Some sleep myths debunked

Updated: Dec 27, 2023

There are many misconceptions about sleep. The realm of sleep is rife with myths, from old wives' tales to modern misconceptions. Let's clear the air and debunk some of the most common sleep myths.

Myth 1: Adults Need Only 5 Hours of Sleep

Debunked: While some people claim they feel well-rested on just 5 hours of sleep, most adults need 7-9 hours to function optimally. Consistently getting less sleep can lead to cognitive impairments, mood changes, and long-term health risks. Even if you can handle it, the health costs add up.

Myth 2: Snoring is Normal and Harmless

Debunked: While occasional snoring can be harmless, frequent and loud snoring might be a sign of a health condition called obstructive sleep apnea. It can lead to interrupted breathing, reduced oxygen to the brain, and strain on the heart.

Myth 3: Alcohol Helps You Sleep Better

Debunked: Although alcohol might help you fall asleep quicker, it can interfere with the REM (rapid eye movement) stage of sleep, leading to non-restorative sleep and waking up feeling groggy.

Myth 4: Watching TV Helps You Wind Down Before Bed

Debunked: The blue light emitted by TVs, phones, and tablets can suppress melatonin production, the hormone responsible for regulating sleep. While you might feel "relaxed" watching a show, it can interfere with the quality of your sleep.

Myth 5: If You Can’t Sleep, It's Best to Stay in Bed

Debunked: If you can't fall asleep or wake up in the middle of the night and can't get back to sleep, it's often better to leave your bedroom. Engage in a relaxing activity in low light, and return to bed once you feel sleepy. Or, try sleeping in a different place to really reset your mind.

Myth 6: Your Brain "Shuts Down" During Sleep

Debunked: Sleep is an active period for the brain. During various sleep stages, the brain is busy processing information, consolidating memories, and regenerating.

Myth 7: Older Adults Need Less Sleep

Debunked: While sleep patterns might change with age, the amount of sleep adults need remains consistent in later years. Older adults might sleep more lightly or wake up more frequently, but their sleep need doesn't decrease.

Myth 8: You Can "Catch Up" on Lost Sleep Over the Weekend

Debunked: While sleeping in on the weekend might help reduce sleep debt, it can't fully make up for the effects of chronic sleep deprivation. Moreover, irregular sleep patterns can disturb your circadian rhythm, making it harder to fall asleep at night.

Myth 9: Eating Cheese Before Bed Gives You Nightmares

Debunked: While the origins of this myth remain unclear, there's no scientific evidence linking cheese consumption to nightmares. However, heavy meals before bedtime can cause discomfort and disturb sleep.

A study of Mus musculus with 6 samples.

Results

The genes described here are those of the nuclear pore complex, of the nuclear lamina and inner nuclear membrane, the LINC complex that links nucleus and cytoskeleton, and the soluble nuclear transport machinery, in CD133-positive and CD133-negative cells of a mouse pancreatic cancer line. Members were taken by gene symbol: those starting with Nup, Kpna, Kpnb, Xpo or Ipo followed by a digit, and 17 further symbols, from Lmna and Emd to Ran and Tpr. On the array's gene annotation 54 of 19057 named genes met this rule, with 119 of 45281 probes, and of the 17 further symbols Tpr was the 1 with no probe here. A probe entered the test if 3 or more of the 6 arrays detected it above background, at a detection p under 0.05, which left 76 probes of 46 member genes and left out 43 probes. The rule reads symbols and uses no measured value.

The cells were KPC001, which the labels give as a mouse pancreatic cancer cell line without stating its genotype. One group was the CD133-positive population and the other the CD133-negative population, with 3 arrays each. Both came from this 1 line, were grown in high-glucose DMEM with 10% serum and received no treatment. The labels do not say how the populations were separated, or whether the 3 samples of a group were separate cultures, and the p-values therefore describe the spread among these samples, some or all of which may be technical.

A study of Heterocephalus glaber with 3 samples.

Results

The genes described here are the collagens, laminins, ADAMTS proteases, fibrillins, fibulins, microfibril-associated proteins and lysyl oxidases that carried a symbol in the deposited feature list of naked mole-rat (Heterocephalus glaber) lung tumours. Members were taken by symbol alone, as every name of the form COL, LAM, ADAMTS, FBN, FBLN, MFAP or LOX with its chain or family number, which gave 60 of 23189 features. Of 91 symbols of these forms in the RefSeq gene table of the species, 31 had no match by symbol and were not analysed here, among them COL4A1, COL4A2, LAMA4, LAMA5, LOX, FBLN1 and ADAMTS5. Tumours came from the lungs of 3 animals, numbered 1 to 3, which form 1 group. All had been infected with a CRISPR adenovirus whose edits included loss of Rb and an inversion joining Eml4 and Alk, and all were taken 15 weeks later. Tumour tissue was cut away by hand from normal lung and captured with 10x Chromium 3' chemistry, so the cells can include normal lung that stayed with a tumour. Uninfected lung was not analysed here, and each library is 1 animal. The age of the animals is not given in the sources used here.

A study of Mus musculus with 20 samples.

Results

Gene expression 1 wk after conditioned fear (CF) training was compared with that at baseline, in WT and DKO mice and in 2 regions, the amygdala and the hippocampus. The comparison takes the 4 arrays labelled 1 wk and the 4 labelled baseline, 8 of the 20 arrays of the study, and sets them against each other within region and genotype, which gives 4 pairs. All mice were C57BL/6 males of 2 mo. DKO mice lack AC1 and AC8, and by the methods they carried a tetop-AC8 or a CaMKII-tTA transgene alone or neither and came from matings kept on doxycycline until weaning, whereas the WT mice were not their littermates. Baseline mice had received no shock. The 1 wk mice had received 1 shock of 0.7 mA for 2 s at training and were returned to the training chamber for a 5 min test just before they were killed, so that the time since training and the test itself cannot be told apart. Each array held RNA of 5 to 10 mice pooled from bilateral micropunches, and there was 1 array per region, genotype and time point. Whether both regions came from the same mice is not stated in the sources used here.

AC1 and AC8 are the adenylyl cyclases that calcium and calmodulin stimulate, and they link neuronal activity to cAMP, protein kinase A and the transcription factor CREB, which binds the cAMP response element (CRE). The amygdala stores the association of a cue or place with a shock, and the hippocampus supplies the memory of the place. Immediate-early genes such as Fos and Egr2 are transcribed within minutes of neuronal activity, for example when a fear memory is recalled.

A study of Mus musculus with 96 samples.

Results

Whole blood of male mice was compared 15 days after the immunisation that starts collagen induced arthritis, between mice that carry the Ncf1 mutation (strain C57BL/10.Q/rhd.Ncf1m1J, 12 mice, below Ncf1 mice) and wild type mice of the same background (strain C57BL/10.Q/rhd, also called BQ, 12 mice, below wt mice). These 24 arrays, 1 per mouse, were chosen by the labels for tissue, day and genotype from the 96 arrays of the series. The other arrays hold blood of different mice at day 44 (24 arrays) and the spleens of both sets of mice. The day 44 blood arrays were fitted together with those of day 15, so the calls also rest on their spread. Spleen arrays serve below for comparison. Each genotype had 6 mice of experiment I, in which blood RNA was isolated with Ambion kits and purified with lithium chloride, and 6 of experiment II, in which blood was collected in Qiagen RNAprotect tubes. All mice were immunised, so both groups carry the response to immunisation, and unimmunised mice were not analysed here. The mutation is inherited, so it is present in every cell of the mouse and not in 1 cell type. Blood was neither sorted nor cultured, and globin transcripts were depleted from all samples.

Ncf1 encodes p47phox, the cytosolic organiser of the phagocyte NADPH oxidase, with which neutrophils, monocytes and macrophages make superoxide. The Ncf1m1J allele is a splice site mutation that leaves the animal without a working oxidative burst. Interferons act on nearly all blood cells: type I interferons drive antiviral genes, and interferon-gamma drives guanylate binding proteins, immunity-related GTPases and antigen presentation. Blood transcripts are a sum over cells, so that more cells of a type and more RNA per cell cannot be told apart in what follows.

Myth 10: Yawning is Always a Sign of Sleepiness

Debunked: While yawning can indicate fatigue, it's also a mechanism to cool the brain and can occur in various situations, such as during periods of boredom or even when talking about yawning!

Myth 11: More Sleep is Always Better

Debunked: While getting adequate sleep is essential, there's a thing as too much sleep. Regularly sleeping more than 9-10 hours can sometimes be indicative of health issues or disrupt natural circadian rhythms.

Myth 12: Sleeping Pills are a Safe Solution for Insomnia

Debunked: While some sleeping aids can be effective in the short term, they are not usually meant for long-term use. They can have side effects, cause dependency, and might not address the underlying cause of insomnia.

Myth 13: Sleep Position Doesn’t Matter

Debunked: Your sleep position can have a significant impact on your health. For example, sleeping on your back might exacerbate snoring and sleep apnea, while side sleeping can reduce these risks. However, side sleeping might also lead to shoulder or hip pain for some.

Getting wiser on sleep

Sleep is an intricate and vital physiological process, and understanding it can help us make informed decisions for better rest. It's crucial to separate fact from fiction.

With sleep such an important part of our lives and our professional performance, it pays to continually revisit assumptions and look for better information. Sleep is an active area of research, all the more so now that it's becoming well recognized for its connection to longevity and also professional (even non-athletic) performance.

Apps like CalmAlma are a powerful tool in helping optimize sleep, but they can only go so far if the rest of the picture isn't consistent.